In order to identify candidate ingredients, the company’s researchers used genomic analysis to highlight the differences in gene expression between young and old skin, before investigating which cosmetics compounds might help.
According to P&G scientist Rosemarie Osborne, the method holds significant potential for the industry and wouldn’t have been possible without the sequencing of the human genome.
“Such a genomics approach is one of the unexpected benefits from the human genome project,” she told CosmeticsDesign.
Highlight barrier genes
The scientists used DNA microarrays to highlight the genes involved in the metabolism of stratum corneum lipids with expression levels that altered between young and old, sun exposed and sun protected skin.
Ceramides, cholesterol and fatty acids are the major lipids of the stratum corneum and are essential to barrier function, but the P&G researchers found that the expression of the lipid metabolism genes were downregulated in both intrinsically aged and photoaged skin.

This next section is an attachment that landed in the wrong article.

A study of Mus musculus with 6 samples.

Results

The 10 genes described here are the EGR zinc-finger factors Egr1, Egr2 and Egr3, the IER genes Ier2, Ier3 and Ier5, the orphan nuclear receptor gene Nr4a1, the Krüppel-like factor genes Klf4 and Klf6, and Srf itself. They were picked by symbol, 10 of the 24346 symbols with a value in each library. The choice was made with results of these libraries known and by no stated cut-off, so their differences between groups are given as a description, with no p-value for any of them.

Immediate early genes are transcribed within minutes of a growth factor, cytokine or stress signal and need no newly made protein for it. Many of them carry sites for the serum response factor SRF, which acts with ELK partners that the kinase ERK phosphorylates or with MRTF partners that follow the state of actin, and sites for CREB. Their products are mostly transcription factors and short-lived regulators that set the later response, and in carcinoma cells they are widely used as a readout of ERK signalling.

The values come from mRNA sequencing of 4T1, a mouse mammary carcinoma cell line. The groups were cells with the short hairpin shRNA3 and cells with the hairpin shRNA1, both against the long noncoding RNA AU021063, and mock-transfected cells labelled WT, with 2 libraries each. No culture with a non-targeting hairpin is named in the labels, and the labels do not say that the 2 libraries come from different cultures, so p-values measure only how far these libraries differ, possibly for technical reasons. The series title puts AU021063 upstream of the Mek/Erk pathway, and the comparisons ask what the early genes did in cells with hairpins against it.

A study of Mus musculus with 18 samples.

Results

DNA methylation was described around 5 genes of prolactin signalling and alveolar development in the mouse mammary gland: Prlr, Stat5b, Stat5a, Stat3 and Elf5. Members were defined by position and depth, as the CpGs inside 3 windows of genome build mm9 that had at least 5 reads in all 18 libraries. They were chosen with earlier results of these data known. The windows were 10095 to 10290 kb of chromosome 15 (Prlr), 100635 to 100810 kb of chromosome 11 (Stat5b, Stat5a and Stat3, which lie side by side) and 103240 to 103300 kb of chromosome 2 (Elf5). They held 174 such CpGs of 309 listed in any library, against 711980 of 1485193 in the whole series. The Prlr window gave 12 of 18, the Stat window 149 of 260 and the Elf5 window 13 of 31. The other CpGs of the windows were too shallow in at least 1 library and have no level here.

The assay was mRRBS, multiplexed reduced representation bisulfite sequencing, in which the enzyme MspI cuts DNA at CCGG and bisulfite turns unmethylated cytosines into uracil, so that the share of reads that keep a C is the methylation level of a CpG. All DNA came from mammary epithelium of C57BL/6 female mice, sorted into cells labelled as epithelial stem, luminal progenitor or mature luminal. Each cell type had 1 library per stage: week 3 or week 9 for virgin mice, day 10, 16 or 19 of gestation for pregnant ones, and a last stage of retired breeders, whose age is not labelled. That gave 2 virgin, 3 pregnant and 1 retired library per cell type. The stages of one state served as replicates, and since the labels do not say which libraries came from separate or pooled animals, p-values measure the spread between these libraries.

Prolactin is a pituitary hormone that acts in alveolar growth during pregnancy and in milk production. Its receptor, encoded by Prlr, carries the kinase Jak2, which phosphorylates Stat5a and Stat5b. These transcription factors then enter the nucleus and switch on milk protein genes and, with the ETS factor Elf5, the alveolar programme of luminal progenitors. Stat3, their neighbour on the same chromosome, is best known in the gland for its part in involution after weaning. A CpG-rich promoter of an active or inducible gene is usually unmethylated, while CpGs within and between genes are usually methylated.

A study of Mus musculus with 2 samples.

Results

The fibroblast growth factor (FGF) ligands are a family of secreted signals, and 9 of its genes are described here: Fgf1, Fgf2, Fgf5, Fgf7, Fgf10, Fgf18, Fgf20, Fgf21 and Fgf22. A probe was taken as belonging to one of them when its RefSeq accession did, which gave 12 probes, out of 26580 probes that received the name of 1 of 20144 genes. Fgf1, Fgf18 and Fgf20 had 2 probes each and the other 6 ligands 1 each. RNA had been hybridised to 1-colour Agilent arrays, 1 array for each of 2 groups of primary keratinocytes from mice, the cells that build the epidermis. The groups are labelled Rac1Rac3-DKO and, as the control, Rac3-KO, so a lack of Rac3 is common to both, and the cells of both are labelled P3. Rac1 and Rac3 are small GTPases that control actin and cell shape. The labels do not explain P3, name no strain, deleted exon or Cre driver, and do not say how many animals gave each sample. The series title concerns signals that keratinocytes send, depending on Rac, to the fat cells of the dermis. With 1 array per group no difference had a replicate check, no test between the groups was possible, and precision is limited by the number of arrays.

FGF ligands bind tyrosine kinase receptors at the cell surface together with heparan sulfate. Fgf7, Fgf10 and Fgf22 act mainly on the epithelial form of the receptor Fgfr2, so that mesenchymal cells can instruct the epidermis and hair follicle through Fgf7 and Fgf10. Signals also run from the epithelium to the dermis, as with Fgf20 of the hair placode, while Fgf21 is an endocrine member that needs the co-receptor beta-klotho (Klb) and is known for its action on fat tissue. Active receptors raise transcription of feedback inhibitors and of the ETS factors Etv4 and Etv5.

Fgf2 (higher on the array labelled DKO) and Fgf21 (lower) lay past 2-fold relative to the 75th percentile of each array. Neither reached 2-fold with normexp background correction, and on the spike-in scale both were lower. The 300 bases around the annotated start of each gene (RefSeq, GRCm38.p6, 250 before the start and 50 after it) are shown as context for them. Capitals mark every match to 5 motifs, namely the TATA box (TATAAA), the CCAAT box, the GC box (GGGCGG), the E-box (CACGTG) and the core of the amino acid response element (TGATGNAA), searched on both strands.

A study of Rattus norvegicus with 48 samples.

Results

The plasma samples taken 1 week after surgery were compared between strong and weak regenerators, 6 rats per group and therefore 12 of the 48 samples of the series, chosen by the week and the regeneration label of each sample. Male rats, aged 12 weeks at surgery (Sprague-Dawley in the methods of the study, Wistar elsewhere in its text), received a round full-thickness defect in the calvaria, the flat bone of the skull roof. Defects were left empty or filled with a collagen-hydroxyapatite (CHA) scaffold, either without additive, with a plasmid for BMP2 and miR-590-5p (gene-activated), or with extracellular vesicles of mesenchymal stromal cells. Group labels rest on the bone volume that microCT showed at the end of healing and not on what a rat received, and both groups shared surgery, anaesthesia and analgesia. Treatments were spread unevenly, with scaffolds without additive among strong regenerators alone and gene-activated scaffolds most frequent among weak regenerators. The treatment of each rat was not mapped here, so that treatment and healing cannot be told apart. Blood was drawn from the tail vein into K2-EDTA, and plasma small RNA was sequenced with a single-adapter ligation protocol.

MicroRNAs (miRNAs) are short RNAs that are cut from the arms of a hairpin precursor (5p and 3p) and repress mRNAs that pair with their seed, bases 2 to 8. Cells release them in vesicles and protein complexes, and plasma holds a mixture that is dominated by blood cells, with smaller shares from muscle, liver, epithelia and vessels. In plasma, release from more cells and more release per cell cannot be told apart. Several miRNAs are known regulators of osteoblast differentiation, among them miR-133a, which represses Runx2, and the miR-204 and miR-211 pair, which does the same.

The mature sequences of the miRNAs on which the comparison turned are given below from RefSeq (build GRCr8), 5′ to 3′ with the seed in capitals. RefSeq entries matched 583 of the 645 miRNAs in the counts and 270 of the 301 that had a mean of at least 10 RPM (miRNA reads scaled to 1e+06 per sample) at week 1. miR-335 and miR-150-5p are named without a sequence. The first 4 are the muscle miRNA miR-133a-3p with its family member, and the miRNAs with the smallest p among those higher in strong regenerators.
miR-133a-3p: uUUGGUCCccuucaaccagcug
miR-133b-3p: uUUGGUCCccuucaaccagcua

The down regulation of the stratum corneum lipid pathways is likely to contribute to the decreased capacity of aged skin to maintain and repair its barrier function, according to the scientist.
The next step in the work was to identify what cosmetic compounds might help restore the expression levels of the lipid pathways genes, explained Osborne.
Tissue models to test candidate ingredients
Here the team used human skin equivalent cultures in order to test the effect of a number of cosmetic compounds on gene expression.
“With tissues engineered models we can obviously poke and prod in a way that would be much too invasive for an in vivo study,” said Osborne.
Hexamidine, one of the ingredients in the Pro X range, was identified as a compound that helped increase the expression of the barrier related genes, as was niacinamide (vitamin B3), she explained.
“The tissue engineered models act as a sort of pre screen to a clinical trial when the effect of the compound can be seen in vivo,” she said.